French language

French (français [fʁɑ̃sɛ] or langue française [lɑ̃ɡ fʁɑ̃sɛːz]) is a Romance language of the Indo-European family. It descended from the Vulgar Latin of the Roman Empire, as did all Romance languages. French evolved from Gallo-Romance, the Latin spoken in Gaul, and more specifically in Northern Gaul. Its closest relatives are the other langues d'oïl—languages historically spoken in northern France and in southern Belgium, which French (Francien) largely supplanted. French was also influenced by native Celtic languages of Northern Roman Gaul like Gallia Belgica and by the (Germanic) Frankish language of the post-Roman Frankish invaders. Today, owing to France's past overseas expansion, there are numerous French-based creole languages, most notably Haitian Creole. A French-speaking person or nation may be referred to as Francophone in both English and French.

French
français
Pronunciation[fʁɑ̃sɛ]
Native toFrance, Switzerland, Belgium, Luxembourg
Native speakers
76.8 million worldwide
321 million French speakers (L1 plus L2; 2022)[1][2]
Early forms
Latin (French alphabet)
French Braille
Signed French
(français signé)
Official status
Official language in


Regulated byAcadémie Française (French Academy) (France)
Office québécois de la langue française (Quebec Board of the French Language) (Quebec)
Language codes
ISO 639-1fr
ISO 639-2fre (B)
fra (T)
ISO 639-3fra
Glottologstan1290
Linguasphere51-AAA-i
  States where French is the majority native language
  States where it is an official or administrative language but not a majority native language
  States where it is a minority or secondary language
  States that have a local francophone minority

French is an official language in 29 countries across multiple continents,[3] most of which are members of the Organisation internationale de la Francophonie (OIF), the community of 84 countries which share the official use or teaching of French. French is also one of six official languages used in the United Nations.[4] It is spoken as a first language (in descending order of the number of speakers) in: France; Canada (especially in the provinces of Quebec, Ontario, and New Brunswick, as well as other Francophone regions); Belgium (Wallonia and the Brussels-Capital Region); western Switzerland (specifically the cantons forming the Romandy region); parts of Luxembourg; parts of the United States (the states of Louisiana, Maine, New Hampshire and Vermont); Monaco; the Aosta Valley region of Italy; and various communities elsewhere.[5]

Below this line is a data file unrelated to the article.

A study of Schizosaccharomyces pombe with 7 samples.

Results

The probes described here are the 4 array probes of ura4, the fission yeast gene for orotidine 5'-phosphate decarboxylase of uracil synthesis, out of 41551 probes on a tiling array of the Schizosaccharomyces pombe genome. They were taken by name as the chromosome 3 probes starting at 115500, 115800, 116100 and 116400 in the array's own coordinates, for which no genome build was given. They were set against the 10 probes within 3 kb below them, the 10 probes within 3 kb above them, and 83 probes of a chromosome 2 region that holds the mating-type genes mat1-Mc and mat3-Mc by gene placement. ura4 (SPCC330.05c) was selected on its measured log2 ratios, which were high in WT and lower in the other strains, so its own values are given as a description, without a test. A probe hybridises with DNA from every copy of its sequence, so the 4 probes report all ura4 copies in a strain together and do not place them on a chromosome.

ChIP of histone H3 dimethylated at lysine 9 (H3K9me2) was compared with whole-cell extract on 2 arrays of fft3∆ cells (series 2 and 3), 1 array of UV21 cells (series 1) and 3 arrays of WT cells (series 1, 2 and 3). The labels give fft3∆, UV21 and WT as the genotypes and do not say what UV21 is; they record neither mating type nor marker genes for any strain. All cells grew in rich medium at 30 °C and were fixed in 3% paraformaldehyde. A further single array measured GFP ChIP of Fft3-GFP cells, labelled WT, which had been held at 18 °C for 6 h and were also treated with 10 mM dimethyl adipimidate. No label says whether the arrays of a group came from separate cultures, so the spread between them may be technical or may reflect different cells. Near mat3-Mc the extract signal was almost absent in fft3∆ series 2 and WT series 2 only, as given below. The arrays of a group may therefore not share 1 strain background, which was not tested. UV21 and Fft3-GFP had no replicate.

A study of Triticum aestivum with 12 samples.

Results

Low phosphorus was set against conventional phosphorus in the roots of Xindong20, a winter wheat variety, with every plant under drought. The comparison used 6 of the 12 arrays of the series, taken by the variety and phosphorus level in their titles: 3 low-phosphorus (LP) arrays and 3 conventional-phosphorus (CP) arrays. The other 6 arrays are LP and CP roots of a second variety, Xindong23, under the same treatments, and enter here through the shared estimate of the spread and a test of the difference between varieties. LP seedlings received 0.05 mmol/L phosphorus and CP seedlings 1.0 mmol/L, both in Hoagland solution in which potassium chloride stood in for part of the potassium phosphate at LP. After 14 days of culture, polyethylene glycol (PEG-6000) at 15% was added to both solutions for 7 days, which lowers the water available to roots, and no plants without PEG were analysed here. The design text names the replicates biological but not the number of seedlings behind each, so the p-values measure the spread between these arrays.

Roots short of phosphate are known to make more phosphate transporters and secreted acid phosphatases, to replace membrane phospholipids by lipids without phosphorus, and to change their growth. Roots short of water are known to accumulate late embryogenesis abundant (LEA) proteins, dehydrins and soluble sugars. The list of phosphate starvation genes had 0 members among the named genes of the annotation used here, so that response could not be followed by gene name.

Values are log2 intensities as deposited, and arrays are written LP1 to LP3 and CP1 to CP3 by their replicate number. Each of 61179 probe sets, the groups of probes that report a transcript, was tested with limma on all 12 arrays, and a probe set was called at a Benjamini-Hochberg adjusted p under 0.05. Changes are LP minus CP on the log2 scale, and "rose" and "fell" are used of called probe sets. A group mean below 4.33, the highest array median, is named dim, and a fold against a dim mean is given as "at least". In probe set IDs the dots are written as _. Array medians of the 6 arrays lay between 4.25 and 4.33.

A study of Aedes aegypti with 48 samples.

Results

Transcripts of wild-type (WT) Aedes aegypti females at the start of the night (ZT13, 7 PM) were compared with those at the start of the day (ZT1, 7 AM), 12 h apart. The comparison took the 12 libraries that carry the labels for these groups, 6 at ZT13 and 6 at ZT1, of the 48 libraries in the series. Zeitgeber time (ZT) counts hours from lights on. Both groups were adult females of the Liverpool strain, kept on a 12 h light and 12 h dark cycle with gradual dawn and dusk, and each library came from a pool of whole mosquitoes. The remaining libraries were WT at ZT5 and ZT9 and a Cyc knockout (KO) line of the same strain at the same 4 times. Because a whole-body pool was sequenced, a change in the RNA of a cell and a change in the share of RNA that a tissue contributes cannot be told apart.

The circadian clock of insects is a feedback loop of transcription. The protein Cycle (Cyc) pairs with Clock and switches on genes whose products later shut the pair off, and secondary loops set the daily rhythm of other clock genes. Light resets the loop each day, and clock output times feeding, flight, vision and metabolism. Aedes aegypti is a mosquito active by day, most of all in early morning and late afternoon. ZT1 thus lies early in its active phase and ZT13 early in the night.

In 2015, approximately 40% of the francophone population (including L2 and partial speakers) lived in Europe, 36% in sub-Saharan Africa and the Indian Ocean, 15% in North Africa and the Middle East, 8% in the Americas, and 1% in Asia and Oceania.[6] French is the second most widely spoken mother tongue in the European Union.[7] Of Europeans who speak other languages natively, approximately one-fifth are able to speak French as a second language.[8] French is the second most taught foreign language in the EU. All institutions of the EU use French as a working language along with English and German; in certain institutions, French is the sole working language (e.g. at the Court of Justice of the European Union).[9] French is also the 18th most natively spoken language in the world, fifth most spoken language by total number of speakers and the second or third most studied language worldwide (with about 120 million learners as of 2017).[10] As a result of French and Belgian colonialism from the 16th century onward, French was introduced to new territories in the Americas, Africa and Asia. Most second-language speakers reside in Francophone Africa, in particular Gabon, Algeria, Morocco, Tunisia, Mauritius, Senegal and Ivory Coast.[11]

French is estimated to have about 76 million native speakers; about 235 million daily, fluent speakers;[12][13][14] and another 77–110 million secondary speakers who speak it as a second language to varying degrees of proficiency, mainly in Africa.[15] According to the OIF, approximately 321 million people worldwide are "able to speak the language",[16] without specifying the criteria for this estimation or whom it encompasses.[2] According to a demographic projection led by the Université Laval and the Réseau Démographie de l'Agence universitaire de la Francophonie, the total number of French speakers will reach approximately 500 million in 2025 and 650 million by 2050.[17] OIF estimates 700 million by 2050, 80% of whom will be in Africa.[6]

French has a long history as an international language of literature and scientific standards and is a primary or second language of many international organisations including the United Nations, the European Union, the North Atlantic Treaty Organization, the World Trade Organization, the International Olympic Committee, and the International Committee of the Red Cross. In 2011, Bloomberg Businessweek ranked French the third most useful language for business, after English and Standard Mandarin Chinese.[18]